Registered Investment Adviser Caleb Lawrence
Volatile early trade sends the major averages into the final hour with small losses on little real news. Wells Fargo gets caught altering client data without permission, another month, another scandal, how they manage to remain in business is beyond me.
The Philadelphia Fed Regional Index surged 11.2 points in May to 34.4 on strength in new orders and employment. Price data remains high but was mixed for the month.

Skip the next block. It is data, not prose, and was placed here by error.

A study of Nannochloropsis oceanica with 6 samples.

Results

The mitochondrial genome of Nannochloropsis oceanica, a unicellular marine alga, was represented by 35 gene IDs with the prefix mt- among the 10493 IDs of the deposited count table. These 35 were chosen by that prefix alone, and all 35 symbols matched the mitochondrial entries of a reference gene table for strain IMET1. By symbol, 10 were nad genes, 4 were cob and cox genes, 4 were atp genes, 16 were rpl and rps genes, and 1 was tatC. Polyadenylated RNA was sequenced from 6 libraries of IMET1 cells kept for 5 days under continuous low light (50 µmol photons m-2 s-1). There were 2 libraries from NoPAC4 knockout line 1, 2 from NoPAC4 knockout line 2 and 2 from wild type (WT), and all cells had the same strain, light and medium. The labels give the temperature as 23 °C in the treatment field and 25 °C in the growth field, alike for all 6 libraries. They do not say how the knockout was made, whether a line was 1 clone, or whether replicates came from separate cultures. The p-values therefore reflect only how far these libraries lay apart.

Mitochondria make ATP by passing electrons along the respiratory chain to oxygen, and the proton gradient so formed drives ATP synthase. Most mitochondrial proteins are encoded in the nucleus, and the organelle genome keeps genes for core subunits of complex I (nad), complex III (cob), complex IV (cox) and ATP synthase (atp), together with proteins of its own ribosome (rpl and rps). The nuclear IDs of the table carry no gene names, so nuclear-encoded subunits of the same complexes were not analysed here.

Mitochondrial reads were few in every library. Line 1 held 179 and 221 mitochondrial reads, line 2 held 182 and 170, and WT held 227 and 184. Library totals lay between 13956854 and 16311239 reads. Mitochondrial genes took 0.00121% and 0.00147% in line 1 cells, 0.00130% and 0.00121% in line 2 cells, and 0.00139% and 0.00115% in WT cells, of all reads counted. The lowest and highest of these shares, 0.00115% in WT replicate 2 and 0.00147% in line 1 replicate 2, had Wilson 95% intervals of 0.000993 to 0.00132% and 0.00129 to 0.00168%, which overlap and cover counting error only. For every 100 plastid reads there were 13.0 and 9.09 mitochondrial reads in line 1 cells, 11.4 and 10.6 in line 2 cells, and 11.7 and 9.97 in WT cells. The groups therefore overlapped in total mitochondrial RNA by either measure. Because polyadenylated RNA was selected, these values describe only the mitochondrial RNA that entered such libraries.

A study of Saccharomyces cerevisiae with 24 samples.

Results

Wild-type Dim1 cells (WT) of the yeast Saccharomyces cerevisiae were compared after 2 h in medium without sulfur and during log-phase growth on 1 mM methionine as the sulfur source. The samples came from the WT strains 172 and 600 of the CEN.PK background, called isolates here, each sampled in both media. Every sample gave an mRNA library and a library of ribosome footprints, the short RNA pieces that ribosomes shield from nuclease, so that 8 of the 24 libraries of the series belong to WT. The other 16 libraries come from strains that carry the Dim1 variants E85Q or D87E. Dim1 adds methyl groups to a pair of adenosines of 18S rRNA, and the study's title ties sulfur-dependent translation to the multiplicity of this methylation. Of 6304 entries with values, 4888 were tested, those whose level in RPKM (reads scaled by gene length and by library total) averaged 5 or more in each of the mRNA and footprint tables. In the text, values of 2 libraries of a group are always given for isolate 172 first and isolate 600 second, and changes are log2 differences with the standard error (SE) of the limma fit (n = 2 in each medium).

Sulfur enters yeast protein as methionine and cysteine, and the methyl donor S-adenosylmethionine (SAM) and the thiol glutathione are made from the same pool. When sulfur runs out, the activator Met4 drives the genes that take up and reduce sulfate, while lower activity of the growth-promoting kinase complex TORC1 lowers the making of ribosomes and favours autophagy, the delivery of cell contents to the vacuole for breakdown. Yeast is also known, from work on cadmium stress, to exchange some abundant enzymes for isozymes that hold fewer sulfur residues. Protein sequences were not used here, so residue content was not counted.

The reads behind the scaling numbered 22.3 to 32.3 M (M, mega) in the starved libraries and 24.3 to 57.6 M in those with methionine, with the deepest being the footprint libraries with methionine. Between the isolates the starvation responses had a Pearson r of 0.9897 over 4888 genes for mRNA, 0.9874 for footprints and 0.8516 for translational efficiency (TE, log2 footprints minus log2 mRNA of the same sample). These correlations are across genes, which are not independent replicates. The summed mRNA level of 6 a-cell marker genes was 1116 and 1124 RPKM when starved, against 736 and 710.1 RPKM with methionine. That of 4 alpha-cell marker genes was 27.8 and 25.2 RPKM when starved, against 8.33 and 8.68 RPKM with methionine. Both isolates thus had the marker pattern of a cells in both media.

One of the hallmarks of the period just before the busts in 2000 and 2008 was the utterly irrational expectations and assumptions investors made with respect to valuations, assumed rates of return and what something was actually worth. WeWork, a privately held company that provides office space on a temporary sub-lease basis is a case in point. Fresh off a very oversubscribed junk bond offering, the company valued itself at an impressive 20 billion Dollars. In addition the company noted that it lost nearly a billion dollars last year. Holding some 14 million square feet of leased office space the company declared that a 60% occupancy rate represented break even. Which begs the question, how did we get to a 20 billion-dollar valuation. If the company owned all this space free and clear valuation would be about 7 billion. Yet the space is leased, and the company holds some 18 billion in debt. Just another example that leaves you scratching your head, while wondering how it’s supposed to work. Just like Uber, Tesla and a few other wildly popular Sillycon Valley Magic Unicorns, shades of 2000 all over again.